Article featured on LancasterOnline.

Store and restaurant operators who need more employees could look at the county’s low unemployment rate and get discouraged.

But Naomi Young doesn’t take that view.

Young, recently hired as director of the Center for Regional Analysis, part of the Economic Development Company of Lancaster County, points out the definition of unemployed.

To be counted by the government as unemployed, a person must lack a job but be actively seeking one. It omits a person who lacks a job but is not seeking one.

There’s roughly the same number of people in each category, said Young. And that inactive pool presents an opportunity for employers.

“For every one person considered unemployed, there is another person who could be drawn into the economy by (an appealing job),” she said.

“The question is, are these wages and conditions that would entice people? They would come back into the economy under the right conditions. To me, that’s the real issue,” said Young.

Employers can get a hand with that assessment and other recruitment tasks from PA CareerLink Lancaster County.

For instance, CareerLink can review how competitive an employer’s wages and benefits are, evaluate how useful an employer’s job descriptions are and host recruitment events on behalf of employers.

CareerLink also can post job openings on the state’s Job Gateway website, screen respondents and match them to appropriate jobs.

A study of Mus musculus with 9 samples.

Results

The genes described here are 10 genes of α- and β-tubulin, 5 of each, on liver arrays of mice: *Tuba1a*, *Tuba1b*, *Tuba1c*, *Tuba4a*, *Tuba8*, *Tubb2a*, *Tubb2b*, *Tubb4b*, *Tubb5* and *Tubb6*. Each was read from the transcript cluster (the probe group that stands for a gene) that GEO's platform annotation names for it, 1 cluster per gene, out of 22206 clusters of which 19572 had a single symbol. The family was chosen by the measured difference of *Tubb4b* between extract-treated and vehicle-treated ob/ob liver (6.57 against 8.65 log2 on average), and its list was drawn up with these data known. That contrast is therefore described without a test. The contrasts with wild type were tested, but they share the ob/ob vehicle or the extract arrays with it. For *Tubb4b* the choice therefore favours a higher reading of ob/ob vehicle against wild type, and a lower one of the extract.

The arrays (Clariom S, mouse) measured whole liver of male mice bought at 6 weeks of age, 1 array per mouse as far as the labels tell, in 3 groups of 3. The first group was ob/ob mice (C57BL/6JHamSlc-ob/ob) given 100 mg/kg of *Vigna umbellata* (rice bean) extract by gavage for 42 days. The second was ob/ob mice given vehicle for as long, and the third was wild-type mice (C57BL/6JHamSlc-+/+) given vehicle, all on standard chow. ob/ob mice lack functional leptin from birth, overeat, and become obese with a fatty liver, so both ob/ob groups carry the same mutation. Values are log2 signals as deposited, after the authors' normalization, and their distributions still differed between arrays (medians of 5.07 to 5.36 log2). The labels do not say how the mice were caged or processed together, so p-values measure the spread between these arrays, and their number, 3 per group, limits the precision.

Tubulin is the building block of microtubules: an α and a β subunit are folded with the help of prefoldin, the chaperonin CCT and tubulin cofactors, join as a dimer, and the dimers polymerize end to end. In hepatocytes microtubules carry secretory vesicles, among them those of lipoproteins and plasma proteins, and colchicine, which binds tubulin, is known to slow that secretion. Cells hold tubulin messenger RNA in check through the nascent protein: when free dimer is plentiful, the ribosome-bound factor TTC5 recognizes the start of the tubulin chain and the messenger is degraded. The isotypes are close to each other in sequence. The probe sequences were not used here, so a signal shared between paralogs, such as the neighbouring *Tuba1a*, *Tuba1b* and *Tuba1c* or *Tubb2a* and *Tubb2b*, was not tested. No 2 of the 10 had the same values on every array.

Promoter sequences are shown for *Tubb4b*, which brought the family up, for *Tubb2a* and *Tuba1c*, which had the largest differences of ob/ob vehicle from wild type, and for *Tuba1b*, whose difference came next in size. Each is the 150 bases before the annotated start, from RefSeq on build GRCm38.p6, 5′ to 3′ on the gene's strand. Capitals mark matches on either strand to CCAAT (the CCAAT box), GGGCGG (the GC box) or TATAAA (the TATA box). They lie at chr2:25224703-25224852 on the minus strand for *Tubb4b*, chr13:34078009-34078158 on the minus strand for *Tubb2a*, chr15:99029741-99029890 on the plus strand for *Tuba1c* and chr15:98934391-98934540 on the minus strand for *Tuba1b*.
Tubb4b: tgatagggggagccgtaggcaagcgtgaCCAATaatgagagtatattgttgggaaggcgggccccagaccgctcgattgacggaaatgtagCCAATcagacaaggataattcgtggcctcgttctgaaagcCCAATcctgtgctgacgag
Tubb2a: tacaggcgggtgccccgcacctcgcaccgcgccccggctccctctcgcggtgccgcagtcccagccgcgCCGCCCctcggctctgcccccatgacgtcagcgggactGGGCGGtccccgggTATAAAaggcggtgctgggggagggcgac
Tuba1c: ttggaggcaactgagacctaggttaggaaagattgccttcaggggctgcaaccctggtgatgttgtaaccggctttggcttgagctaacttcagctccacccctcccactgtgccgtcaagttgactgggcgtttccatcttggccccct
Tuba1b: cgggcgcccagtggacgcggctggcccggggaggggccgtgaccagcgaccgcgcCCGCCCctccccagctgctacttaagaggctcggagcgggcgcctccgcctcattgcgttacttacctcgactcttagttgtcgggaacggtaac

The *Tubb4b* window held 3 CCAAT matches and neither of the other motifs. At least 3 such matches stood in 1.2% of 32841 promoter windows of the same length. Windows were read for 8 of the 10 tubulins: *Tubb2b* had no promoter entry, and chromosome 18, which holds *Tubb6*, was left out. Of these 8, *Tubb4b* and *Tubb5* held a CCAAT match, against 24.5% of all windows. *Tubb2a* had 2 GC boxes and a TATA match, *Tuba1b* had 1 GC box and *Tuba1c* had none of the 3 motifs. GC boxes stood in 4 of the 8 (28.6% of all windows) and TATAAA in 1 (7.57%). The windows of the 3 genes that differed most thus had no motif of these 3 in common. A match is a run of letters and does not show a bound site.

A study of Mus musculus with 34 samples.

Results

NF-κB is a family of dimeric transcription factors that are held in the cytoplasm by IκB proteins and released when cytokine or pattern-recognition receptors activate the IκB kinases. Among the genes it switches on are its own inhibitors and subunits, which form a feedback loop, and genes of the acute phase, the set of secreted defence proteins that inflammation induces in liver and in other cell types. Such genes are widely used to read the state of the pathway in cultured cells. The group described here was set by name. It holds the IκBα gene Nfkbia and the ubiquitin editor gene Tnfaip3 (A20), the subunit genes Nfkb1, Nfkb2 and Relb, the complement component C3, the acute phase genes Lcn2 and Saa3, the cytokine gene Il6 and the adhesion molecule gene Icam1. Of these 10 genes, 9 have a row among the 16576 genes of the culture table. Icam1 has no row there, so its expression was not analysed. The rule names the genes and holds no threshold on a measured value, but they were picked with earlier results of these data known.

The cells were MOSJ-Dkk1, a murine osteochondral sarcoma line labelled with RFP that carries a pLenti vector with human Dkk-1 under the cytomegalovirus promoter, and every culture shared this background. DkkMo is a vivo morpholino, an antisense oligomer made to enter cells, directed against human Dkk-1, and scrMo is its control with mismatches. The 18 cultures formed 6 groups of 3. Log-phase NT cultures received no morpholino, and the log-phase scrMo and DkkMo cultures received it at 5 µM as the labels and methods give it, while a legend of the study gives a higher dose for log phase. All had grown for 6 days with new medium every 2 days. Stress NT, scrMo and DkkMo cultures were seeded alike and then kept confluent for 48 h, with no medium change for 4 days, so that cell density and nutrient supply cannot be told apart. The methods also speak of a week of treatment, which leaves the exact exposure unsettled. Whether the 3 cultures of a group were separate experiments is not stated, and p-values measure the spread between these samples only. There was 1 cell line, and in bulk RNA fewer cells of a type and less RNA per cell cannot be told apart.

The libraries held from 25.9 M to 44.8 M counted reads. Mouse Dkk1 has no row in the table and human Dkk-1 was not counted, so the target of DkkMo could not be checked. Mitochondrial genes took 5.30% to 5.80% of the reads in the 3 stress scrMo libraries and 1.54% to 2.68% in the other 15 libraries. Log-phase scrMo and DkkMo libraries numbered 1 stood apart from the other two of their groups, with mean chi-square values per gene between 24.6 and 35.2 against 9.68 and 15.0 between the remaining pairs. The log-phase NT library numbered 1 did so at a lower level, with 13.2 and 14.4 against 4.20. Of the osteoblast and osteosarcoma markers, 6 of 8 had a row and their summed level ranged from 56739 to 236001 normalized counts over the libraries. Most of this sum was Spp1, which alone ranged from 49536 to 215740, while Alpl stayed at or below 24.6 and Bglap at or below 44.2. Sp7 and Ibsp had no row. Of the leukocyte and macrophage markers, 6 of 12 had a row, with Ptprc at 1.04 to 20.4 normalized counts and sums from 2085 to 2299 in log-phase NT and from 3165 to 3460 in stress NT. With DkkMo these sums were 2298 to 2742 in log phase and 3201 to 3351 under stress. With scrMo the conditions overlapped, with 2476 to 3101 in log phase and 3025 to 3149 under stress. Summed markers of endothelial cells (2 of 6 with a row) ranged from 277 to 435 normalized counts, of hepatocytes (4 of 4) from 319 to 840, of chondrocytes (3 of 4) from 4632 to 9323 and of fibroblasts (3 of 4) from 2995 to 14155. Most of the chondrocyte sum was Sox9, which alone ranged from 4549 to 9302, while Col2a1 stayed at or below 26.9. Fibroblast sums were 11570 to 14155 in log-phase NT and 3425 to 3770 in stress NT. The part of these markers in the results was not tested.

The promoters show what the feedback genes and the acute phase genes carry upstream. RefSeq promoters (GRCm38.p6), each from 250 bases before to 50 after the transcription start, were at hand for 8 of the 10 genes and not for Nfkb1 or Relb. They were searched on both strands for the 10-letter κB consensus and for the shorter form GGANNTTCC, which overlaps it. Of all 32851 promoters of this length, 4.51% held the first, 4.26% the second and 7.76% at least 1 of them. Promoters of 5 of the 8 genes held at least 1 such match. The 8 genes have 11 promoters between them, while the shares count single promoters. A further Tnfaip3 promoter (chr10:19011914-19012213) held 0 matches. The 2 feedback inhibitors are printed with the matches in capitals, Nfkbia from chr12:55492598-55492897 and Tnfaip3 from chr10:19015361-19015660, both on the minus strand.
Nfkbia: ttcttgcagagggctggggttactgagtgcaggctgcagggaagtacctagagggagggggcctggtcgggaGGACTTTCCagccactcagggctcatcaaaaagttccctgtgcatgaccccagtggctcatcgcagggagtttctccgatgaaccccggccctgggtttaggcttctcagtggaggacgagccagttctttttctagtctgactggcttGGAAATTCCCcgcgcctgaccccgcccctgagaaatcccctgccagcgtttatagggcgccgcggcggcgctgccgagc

“We want to be a partner in every way we can,” said John Nicolson, CareerLink’s director of business services.

Another service available at CareerLink is free training for eligible individuals who are CareerLink clients.

Nicolson said its hospitality training program is aimed at potential restaurant and hotel employees, among other categories. It consists of half-day sessions for about a month.

Its customer service training program is aimed at many job categories, including potential store employees. It consists of half-day sessions for 2 1/2 weeks.

Now offered twice a year, the program will be offered more frequently, starting in July, in response to increased demand from employers and jobseekers.

A third CareerLink service is job fairs for employees of businesses that are closing their doors. These give workers a head start on finding new jobs and employers a head start on finding experienced staff.

For instance, CareerLink will hold a job fair for the 196 local employees of The Bon-Ton, which is closing its Park City department store and Plaza Boulevard furniture gallery this summer. The dates of the store closings and the job fair have yet to be set.

For more information on these and other CareerLink services, visit

Young also suggests that stores and restaurants here look past the county line for potential employees.

“The fact that we have 2,000 jobs being created in Lancaster doesn’t mean we have to fill them with people who live in Lancaster. We know that labor is mobile,” she said.